Easy Ways to Incorporate Green Infrastructure into Your Next Design

Posted by Carter Hartong on 9/22/21 10:00 AM  |  6 min read time

The $1 trillion bipartisan infrastructure bill passed by the U.S. Senate in August 2021 proposed a variety of improvements, such as $7.5 billion for the installation of thousands of charging stations for electric vehicles. Green initiatives like this highlight the ever-growing importance of sustainable infrastructure.

Designers have the power to influence sustainable infrastructure for a fraction of what the U.S. government is spending; and, in this blog, we’ll share a few examples.
Consider Your Natural Surroundings

As designers already know, before you begin any grading, planting, or hardscaping, you must first consider the project site’s existing conditions with an intent to make the least amount of adverse impacts possible.

Aside from walking around and taking inventory of your client’s project site, the next best way to understand this space contextually is with GIS. If you are already familiar with the support GIS data can provide, such as parcel data, zoning overlays, building footprints and topography, you should also note the even broader range of information available from online services like Esri’s ArcGIS Online. This data can be brought into Vectorworks Landmark via a connection to online feature services to offer a site real-world context, essential to making better decisions for each project. 

GIS data will allow you to document and inventory existing trees and vegetation into your design. As well, GIS data can also account for protected areas, natural watersheds and flood zones within the site and surrounding area, which is vital for an understanding of how you’re impacting nearby waterways.

Bioswales

Slowing down the flow of water — that’s the name of the game for a lot of green infrastructure.

According to Ann English, PLA, LEED AP, CBLP D+I, and RainScapes manager, “Plants need water. And fast flowing water erodes soil. Plants support the ecosystem pollinators, knit together soil, and transfer carbon from the atmosphere to the soil.”

English continued, “Imagine your soil is a dry sponge. If the water goes too fast, it doesn’t have a chance to soak in and the soil stays dry, meaning that plants don’t have a chance to use the water to grow. The goal is to have soils that are able to absorb the water and reduce the amount that runs off to be more similar to that from a healthy forested condition; in a forested condition, somewhere between four and ten percent of water runs off from the surface. The rest is either infiltrated or evapotranspirated.”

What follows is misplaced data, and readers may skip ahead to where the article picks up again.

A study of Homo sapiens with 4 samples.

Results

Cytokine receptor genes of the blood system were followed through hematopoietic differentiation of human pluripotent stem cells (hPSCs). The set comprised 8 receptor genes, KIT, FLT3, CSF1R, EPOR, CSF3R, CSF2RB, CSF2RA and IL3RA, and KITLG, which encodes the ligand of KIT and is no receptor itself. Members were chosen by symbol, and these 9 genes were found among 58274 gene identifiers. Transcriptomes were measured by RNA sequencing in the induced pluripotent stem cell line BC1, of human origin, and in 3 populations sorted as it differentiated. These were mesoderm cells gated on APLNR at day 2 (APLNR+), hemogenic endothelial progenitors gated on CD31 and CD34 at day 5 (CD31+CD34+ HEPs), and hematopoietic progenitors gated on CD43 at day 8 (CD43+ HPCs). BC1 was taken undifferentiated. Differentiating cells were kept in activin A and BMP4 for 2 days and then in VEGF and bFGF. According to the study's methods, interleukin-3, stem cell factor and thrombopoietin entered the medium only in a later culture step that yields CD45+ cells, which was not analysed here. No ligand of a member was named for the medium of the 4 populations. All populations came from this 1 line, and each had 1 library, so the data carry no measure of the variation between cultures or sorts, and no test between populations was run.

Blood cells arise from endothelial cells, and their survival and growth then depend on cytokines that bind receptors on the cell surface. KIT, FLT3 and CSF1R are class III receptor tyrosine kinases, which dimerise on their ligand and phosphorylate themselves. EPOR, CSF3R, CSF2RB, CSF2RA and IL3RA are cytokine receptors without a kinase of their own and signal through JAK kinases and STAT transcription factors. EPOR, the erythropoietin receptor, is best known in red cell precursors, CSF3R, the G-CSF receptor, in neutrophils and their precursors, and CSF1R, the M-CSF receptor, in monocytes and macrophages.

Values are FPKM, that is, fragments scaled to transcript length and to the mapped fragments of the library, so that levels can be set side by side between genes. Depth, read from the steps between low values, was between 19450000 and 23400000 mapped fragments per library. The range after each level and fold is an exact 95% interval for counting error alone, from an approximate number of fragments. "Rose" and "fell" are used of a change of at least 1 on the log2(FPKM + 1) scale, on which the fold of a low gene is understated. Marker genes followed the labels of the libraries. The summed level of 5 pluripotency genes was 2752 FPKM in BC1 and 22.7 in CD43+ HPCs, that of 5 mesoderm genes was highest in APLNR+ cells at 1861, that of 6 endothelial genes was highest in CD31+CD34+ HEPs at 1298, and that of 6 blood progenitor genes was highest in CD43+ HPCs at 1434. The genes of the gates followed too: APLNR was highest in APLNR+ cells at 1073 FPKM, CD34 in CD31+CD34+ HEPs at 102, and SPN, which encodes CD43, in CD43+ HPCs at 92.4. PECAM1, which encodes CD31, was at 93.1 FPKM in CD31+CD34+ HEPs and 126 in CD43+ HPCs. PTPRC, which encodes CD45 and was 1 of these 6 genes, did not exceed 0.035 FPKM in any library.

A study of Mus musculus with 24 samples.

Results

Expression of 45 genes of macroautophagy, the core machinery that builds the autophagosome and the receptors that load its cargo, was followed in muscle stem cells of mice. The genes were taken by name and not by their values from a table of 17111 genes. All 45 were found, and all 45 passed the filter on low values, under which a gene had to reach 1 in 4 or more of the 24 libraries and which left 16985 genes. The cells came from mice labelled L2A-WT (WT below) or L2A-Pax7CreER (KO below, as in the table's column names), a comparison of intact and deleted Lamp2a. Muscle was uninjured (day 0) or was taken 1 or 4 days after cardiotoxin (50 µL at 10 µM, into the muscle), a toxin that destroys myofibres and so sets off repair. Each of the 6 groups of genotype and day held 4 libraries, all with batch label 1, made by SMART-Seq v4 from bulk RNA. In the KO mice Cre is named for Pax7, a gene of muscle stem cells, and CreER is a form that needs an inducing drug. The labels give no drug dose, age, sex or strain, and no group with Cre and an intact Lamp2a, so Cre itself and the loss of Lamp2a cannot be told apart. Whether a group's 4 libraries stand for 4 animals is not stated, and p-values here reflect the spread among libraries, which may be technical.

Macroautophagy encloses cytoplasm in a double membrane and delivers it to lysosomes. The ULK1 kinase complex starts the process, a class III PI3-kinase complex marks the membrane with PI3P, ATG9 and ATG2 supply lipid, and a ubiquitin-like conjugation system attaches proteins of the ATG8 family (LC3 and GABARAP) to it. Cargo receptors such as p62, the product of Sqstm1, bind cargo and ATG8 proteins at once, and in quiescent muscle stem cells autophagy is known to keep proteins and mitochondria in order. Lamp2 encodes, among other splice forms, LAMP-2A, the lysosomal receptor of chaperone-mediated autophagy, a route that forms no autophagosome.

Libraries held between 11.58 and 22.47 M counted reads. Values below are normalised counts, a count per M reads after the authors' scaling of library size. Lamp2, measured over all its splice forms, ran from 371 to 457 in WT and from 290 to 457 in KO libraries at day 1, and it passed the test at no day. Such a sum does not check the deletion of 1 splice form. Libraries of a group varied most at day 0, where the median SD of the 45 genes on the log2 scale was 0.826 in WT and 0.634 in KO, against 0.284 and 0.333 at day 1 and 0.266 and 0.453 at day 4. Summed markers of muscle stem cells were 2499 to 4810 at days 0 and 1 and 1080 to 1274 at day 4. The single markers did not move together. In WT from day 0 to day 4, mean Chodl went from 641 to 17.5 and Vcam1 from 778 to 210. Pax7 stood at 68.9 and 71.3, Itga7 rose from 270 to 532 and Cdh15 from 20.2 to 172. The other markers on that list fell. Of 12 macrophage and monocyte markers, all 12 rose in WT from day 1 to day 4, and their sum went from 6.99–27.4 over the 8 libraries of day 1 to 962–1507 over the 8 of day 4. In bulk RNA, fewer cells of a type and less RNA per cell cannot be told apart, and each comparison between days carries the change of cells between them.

Bioswale

It’s also important to manage the flow of water to ensure the quality of water. If rainfall reaches the nearest waterway too quickly, not enough toxins and possible pollutants will be removed from it. Slowing down the flow of water aids in its purity.

One solution is to control the flow of water with a bioswale. A bioswale is like a swale in that it is a graded area designed to redirect water. However, unlike a concrete swale that may simply push rainfall elsewhere, a bioswale is constructed with soil, plants, and other elements that make the surface penetrable. This way, the water is encouraged to seep into the earth.

Permeable Pavement Systems

There’s a natural tension between green infrastructure and hardscapes like concrete, since the latter are installed to the detriment of the former.

Moreover, most concrete doesn’t properly manage the flow of water. After a heavy rainfall, water may pool in certain areas; or, if a grade is present, race towards the lowest points. In both situations, flooding becomes a great risk. `

A permeable pavement system is a unique solution because you’re allowing water to be absorbed by the soil beneath the concrete or other paved surface. Because the water can soak into the layers of soil and porous rock underneath the system, it can benefit the moisture content of the soil in nearby plantings, enter an underground drainage system or perhaps recharge the water table in that area.

An underground drainage system is going to cost your project time and money. As is the case with most green infrastructure, the more you can do above ground, the more money your client will save.

Green Roofs

A long-standing, yet still growing trend in sustainable design is green roofing. Rooftop gardens and urban agriculture are becoming more and more popular in urban areas.  Not only does rooftop farming provide building tenants with fresh vegetables or beautiful greenery, but they also help control water runoff and carbon levels in urban areas.

Not all rooftops are conducive to harboring rows of plants, however. So, there must be more intentionality and consideration in the design process. When designing intensive rooftop gardens and extensive green roofs in Vectorworks Landmark, it’s important to consider structural loads, water management systems, climate, and the ability to access the gardens. All these details can be considered and recorded using Vectorworks’ powerful worksheets.

If you are working with other engineers or architects on your rooftop garden, you also have the option of seamless file sharing (DWG, IFC, image files, etc.) in Vectorworks.

But don’t stop with rooftop gardens — green roofing can be taken to a whole new level with solar-integrated green roofing. This is a practice of combining greenery and photovoltaic panels. The greenery will keep your panels cool and therefore, more efficient. In turn, the panels will promote more variety in the plants that can be used on the roof. This is due to areas of greater sunlight and of greater shade.

Green roof

Vancouver Convention Centre Expansion | Courtesy of PWL Partnership Landscape Architects Inc.

Click here for more information on how you too can design sustainably with the software built for the way landscape architects work.